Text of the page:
Kurt Vonnegut is remembered today for his groundbreaking novels and satirical style. But, he published several quite popular short stories that readers enjoyed before Slaughterhouse-Five shot Vonnegut into the public spotlight. Some of his best are discussed below.
One of Kurt Vonnegut’s best stories. It was originally published in Worlds of If Science Fiction and later included in Bagombo Snuff Box, published in 1999. The title references a telephone number that dials an assisted suicide number. It is referenced in God Bless You, Mr. Rosewater. It set in a time where aging is no longer an issue, and people can live as long as they want to. But, the population is controlled by the U.S. Government.
Using infanticide and assisted suicide, they cull the population. When the main character’s wife is about to give birth to triplets, he’s faced with a terrible choice about who will live or die. It was used as the basis for a short film directed by Marco Checa Garcia.
“EPICAC” was the first story to feature the computer, “EPICAC, that later appeared in Vonnegut’s first novel, Player Piano. The latter was famously inspired by his time working at G.E. An unnamed narrator discusses the computer’s origins and describes it as “best friend.” It no longer exists because it slowly became sentient and smarter than the human beings who created it. “EPICAC” is one of Kurt Vonnegut’s better-known short stories.
“Who Am I This Time?”
“Who Am I This Time?” Was published in 1961 and then included in Welcome to the Monkey House. When it was first published, it was titled “My Name is Everyone.” It follows Harry Nash, a shy, uninteresting man who gets sucked into a character he plays in a theatre production. An unhealthy love affair follows that sees Helene Shaw fall in love with Nash’s character.
“Thanasphere” was published in 1950. Its title came from the Greek “thanatos,” meaning “death.” It is set at the beginning of a new age of space exploration. Dr. Groszinger supervises the first launch into space, a single human being named Major Allen Rice. he orbits around Earth to observe weather conditions. With a traditional Kurt Vonnegut twist, he soon starts observing supernatural events. He receives messages from dead people whose spirits live in the atmosphere.
“Report on the Barnhouse Effect”
This short story was originally published in Collier’s Weekly. It later appeared in his famous collection Welcome to the Monkey House. It contains a teacher’s report of their former student. Before the report, the professor developed the ability to move objects with his mind. The U.S. Government tries to turn him into a weapon, and he becomes what Kurt Vonnegut calls the first “weapon of conscience.” The story was turned into a radio program that first aired in April 1950.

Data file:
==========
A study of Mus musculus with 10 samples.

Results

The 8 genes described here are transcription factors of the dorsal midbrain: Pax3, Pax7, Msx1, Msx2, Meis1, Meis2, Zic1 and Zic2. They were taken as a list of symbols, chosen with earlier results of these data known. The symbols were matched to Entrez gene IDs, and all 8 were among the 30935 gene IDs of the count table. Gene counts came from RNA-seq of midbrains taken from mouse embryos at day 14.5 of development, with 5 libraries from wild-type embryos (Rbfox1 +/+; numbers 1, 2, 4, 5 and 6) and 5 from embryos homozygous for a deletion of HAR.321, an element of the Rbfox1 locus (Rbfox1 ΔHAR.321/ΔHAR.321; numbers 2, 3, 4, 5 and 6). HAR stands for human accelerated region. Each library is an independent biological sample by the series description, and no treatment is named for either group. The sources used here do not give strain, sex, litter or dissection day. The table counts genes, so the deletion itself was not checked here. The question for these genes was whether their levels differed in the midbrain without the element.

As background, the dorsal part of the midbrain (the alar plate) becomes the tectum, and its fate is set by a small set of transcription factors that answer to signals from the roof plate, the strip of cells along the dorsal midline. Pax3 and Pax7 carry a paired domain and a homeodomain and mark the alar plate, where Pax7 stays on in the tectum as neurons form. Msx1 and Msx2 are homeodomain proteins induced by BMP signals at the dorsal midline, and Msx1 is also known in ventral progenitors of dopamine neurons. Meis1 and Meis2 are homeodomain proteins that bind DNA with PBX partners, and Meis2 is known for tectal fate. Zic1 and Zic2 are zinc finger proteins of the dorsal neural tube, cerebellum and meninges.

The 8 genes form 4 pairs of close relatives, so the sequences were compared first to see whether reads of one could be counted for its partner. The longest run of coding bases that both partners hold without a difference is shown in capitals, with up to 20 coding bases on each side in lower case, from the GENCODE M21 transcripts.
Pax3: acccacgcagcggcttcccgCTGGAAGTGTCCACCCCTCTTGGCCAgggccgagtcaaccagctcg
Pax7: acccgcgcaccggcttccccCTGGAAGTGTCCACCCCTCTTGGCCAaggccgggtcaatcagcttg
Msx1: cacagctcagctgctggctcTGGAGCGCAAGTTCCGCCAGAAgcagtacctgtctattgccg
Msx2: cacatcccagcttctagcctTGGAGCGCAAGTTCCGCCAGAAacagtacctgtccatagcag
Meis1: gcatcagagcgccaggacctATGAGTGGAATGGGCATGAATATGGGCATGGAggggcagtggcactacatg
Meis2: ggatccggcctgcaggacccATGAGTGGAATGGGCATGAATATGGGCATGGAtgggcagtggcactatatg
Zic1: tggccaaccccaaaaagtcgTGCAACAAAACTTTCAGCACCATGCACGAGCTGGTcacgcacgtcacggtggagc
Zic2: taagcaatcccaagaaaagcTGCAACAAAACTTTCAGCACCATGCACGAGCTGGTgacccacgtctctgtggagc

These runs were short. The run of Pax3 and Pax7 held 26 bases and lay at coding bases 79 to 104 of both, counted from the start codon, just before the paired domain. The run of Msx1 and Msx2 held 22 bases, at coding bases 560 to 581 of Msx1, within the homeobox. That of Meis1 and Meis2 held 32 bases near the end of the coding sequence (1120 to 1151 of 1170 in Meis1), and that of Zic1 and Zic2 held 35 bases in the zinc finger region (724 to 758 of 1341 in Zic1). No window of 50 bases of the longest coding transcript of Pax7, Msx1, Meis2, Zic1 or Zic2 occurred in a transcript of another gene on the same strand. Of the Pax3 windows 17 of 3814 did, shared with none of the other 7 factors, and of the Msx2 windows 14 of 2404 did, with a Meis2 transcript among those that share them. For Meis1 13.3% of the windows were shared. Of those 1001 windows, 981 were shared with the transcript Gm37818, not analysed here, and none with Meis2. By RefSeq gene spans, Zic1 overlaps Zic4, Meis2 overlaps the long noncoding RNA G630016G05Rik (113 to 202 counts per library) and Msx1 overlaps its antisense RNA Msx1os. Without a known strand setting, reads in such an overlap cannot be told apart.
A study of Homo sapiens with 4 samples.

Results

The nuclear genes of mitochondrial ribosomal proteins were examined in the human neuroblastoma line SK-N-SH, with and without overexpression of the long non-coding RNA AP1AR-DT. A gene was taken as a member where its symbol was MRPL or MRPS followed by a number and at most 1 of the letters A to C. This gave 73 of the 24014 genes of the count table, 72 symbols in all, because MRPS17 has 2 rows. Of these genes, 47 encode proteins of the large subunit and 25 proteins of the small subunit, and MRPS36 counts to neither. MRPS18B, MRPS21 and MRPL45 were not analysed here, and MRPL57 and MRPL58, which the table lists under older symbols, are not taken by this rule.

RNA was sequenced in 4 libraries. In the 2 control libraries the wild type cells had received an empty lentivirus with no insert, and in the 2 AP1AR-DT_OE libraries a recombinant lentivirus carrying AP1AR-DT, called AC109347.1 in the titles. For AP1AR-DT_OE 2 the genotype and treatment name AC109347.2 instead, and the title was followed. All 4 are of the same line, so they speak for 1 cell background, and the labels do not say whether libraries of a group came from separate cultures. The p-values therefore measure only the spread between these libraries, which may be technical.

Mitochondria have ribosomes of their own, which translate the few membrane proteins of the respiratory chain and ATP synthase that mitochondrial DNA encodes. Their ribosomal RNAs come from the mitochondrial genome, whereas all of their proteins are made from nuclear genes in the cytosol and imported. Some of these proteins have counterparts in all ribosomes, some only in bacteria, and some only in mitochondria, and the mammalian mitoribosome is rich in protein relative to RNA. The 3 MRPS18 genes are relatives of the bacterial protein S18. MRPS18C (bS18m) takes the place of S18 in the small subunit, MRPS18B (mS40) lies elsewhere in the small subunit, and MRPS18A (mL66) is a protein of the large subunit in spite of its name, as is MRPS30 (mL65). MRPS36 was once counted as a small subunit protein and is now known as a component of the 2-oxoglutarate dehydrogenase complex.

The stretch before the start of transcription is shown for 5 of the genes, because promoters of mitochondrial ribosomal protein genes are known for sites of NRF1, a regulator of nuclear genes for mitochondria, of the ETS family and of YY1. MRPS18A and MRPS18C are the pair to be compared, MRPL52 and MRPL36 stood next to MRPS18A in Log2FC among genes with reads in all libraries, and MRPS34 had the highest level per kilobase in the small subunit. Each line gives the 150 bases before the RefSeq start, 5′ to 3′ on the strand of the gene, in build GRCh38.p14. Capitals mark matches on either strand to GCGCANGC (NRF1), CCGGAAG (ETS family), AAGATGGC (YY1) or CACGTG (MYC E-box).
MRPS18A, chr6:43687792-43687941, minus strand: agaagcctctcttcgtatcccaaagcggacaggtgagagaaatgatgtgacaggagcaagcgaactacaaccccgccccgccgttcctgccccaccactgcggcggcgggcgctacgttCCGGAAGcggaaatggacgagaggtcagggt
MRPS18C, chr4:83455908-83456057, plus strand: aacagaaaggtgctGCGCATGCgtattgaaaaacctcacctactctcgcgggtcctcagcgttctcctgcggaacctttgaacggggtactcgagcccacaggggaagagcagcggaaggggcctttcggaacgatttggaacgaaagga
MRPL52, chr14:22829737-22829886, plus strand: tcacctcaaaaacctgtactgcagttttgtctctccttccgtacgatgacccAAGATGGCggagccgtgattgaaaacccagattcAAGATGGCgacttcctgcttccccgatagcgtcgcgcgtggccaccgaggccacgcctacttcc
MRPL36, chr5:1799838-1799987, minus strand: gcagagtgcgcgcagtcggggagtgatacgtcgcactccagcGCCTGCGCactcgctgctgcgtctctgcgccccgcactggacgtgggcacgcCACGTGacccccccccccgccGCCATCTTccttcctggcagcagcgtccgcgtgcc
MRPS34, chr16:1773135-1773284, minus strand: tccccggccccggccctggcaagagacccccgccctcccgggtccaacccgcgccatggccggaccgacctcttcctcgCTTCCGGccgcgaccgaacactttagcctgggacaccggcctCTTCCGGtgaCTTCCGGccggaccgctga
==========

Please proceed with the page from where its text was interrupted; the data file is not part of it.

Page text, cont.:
“Tomorrow and Tomorrow and Tomorrow”
“Tomorrow and Tomorrow and Tomorrow” was first written in 1953. It was published a year later in Galaxy Science Fiction. At the time, it was titled “The Big Trip Up Yonder.” The title comes from the famous Macbeth soliloquy. It is set in 2185 AD, around the time that a new medicine halts the aging process. People, who are willing to continue taking the drug, can live forever. The planet suffers from overpopulation, and there are few resources. The story was written as a cautionary tale meant to remind readers that everything has an end and for a good reason.
“Miss Temptation” was published in 1956 and then later in Welcome to the Monkey House. It follows Susanna, a beautiful dancer, who becomes the object of obsession for a lonely man, Norman Fuller. He takes out his frustration on her, using cruel language and expressing his anger over years of rejection from women. The story has been praised for its realism and clear depiction of what it’s like to come home after fighting in a war.
“The Package” was published in 1952 and followed a businessman and his wife. The two spent their entire lives working on getting enough money. But, after returning from a trip, they receive a visit from Earl’s childhood friend, Charlie. Kurt Vonnegut emphasizes their differences, and Earl spends a large option of the story bragging about his wealth and how well off he is. Charlie, on the other hand, as Earl’s wife realizes, is not as rich. The short story finally reveals that Charlie has spent his life being far more productive than Earl has.
“All the King’s Horses”
“All the King’s Horses” takes its title from the famous Humpty Dumpty nursery rhyme. The story itself takes place during the Cold War and follows Colonel Bryan Kelly. His plane crash lands in Asia, and he, along with several others, are held captive by guerrillas. Their main captor, Pi Ying, forces Kelley to play a game of chess. If the latter wins, he’ll be freed.
“Mnemonics” is a very short story that takes place over the span of a phone call. It uses humor and strange images in order to demonstrate one character’s attempts to remember things. Alfred uses mnemonic techniques in order to improve his memory. He can better remember facts and images this way. He frets over a woman he cares about, Ellen, and Kurt Vonnegut describes his meager attempts to talk to her and tell her how he feels.
“Any Reasonable Offer”
“Any Reasonable Offer” was published in 1952 in Collier’s Weekly and then later in Bagombo Snuff Box. It is a story of a real estate agent who’s trying to sell a mansion to a Colonel. The latter tricks their way into living in the house for free, something that is later revealed to be a running con. The real estate agent suffers from this scam and eventually moves out of the city, taking what he learned from the Colonel and applying it to his own life and his own mansions.